Equations, Shared Values, and Design Tables

16 May, 2004 By: Greg Jankowski

SolidWorks provides three options to help drive and share values within a drawing.

Three main functions exist for driving and sharing values with SolidWorks-equations, shared values, and design tables. These powerful options can help capture and document design intent, automate design modification, and create a family of parts.

An equation creates a relationship between model dimensions using dimension names (dimension name@feature name). You can define an equation between parts within the same document or between a part and a subassembly. The scope of the equation-where it can be used-isn't limited to the document.

The Equations dialog box in figure 1 shows three examples of equations. Note the use of human-readable dimension names. You can name a dimension and a feature using the Properties dialog box.

Dimensions listed on the left side of the equation are driven by the evaluation of the right side of the equation. Trying to change a dimension listed on the left side results in a warning that this dimension is driven from the equation. Note that dimensions driven from equations can't be used as shared values.

Figure 1. Equations dialog box.

In addition to mathematical functions (+, -, *, and /), you can also use the constant value of pi and the following functions within the equations:

sin (a)		cos (a)		tan (a)	
atn (a)		abs (a)		exp (n)
log (a)		sqr (a)		int (a)
sgn (a)

Shared Values
Shared values use a variable name to link model dimension values, as shown in figure 2. You can edit any one of the linked dimensions, and all link values update. You can also create more than one variable within a document. The variable can be used only within the current document.

Figure 2. Shared Values dialog

To create a linked value, select a dimension and right-click Link Values. To create a new shared value, enter the variable name. To use an existing value, select it from the Name pull-down list. To unlink a dimension, edit the sketch, select the dimension, and right-click Unlink Value.

Design Tables
Powerful and flexible, design tables are embedded Excel spreadsheets that drive dimension parameters, feature and part suppression, and visibility. You can use configurations to create multiple versions of the same design with different features or dimension values. Or create a simplified assembly for large assemblies by breaking the subassemblies into separate configurations.

Design tables create part or assembly configurations (figure 3). To view defined configurations, select the ConfigurationManager tab at the top of the FeatureManager design tree. To go back to the FeatureManager mode, select the FeatureManager tab. These tabs are used to switch the mode (feature- or configuration-based) of the navigation tool.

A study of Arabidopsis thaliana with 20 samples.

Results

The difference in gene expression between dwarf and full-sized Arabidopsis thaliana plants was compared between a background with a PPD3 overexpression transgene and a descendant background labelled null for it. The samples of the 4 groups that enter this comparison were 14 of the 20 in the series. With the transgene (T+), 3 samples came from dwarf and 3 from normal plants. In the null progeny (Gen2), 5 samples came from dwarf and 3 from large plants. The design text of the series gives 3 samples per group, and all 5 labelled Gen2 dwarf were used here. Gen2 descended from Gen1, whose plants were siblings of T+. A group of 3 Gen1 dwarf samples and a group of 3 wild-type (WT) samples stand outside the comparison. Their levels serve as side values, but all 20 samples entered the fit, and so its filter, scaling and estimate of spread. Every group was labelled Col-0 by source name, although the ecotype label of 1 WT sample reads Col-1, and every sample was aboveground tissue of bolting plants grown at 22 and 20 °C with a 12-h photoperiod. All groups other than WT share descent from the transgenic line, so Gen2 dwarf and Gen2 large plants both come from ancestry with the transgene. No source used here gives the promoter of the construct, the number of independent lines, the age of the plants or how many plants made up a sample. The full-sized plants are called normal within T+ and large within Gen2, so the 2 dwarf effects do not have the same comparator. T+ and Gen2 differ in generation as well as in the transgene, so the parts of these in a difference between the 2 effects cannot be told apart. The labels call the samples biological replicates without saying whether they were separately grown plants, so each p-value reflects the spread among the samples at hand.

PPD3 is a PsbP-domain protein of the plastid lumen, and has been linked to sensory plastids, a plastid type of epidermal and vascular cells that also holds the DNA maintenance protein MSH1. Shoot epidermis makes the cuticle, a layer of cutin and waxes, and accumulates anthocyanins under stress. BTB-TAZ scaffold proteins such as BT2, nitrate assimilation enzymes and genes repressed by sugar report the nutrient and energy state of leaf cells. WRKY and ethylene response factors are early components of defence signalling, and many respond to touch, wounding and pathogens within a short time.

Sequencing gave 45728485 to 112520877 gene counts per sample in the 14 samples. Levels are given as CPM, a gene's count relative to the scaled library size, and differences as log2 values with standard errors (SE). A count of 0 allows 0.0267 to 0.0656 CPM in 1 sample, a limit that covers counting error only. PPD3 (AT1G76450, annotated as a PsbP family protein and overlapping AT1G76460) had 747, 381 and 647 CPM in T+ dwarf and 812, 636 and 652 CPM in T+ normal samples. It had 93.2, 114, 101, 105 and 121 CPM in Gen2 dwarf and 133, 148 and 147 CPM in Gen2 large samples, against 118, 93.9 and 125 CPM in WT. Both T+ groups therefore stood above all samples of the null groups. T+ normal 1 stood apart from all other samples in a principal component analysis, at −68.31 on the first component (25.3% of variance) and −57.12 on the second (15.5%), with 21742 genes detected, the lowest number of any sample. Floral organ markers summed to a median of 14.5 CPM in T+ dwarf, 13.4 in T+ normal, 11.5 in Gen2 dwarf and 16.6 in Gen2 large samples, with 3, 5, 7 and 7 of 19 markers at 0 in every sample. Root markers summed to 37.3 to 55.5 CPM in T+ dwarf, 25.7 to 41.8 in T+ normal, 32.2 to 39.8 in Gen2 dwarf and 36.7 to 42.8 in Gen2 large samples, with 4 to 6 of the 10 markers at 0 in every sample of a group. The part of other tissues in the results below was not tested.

Figure 3. Configuration Manager shows all defined configurations

You can create configurations either manually or by using design tables. The advantage to using design tables is that it's easier to view, edit, and understand what's different among the configurations when they can be displayed in the spreadsheet.

The design table shown in figure 4 creates three configurations for three different screw lengths. The feature, Screw Head Cut, is also not visible in two of the configurations. Also note the use of named features for the driving dimension name. If the default name were used, it would be difficult to figure out what's being controlled.

Figure 4. Design table.

Another advantage of design tables is that you can put comments in the spreadsheet. Figure 5 shows both cell and embedded comments within a design table. The cell with the red triangle in the upper right-hand corner displays the embedded cell comment when you move your mouse over it. In addition, you can place cell comments in a blank row in column A or add them to the Row 1 cell, below which all cells are comments.

Figure 5. Comments within a design table.

You can use design tables to compute dimension parameters using all functions available in a spreadsheet application (mathematical [cos, sin], or logical [if/then]). More functions are available within a design table than within equations.

What to use?
This table compares the benefits and drawbacks of the different options.

  Pros Cons
Equations • Easy to use
• Limited set of functions
• Scope not limited to current document
• Without good dimension names, can be difficult to set up
• No way to add comments
• Can't change the driving (left-side) dimension
Shared Values • Easy to use
• Ties a single value together
• Any linked valued can be changed, and the other updates
• Can provide a direct link only to another value
• Hard to understand what's been linked
• Limited scope
Design Tables • Most flexible option
• More functions available
• Scope not limited to current document
• Creates configurations; powerful and easy to view
• Inconsistent usage, default feature name, and lack of comments can make the design difficult to modify

All of these functions, used effectively, can increase your productivity and better document your design. Picking the right function for your application is key.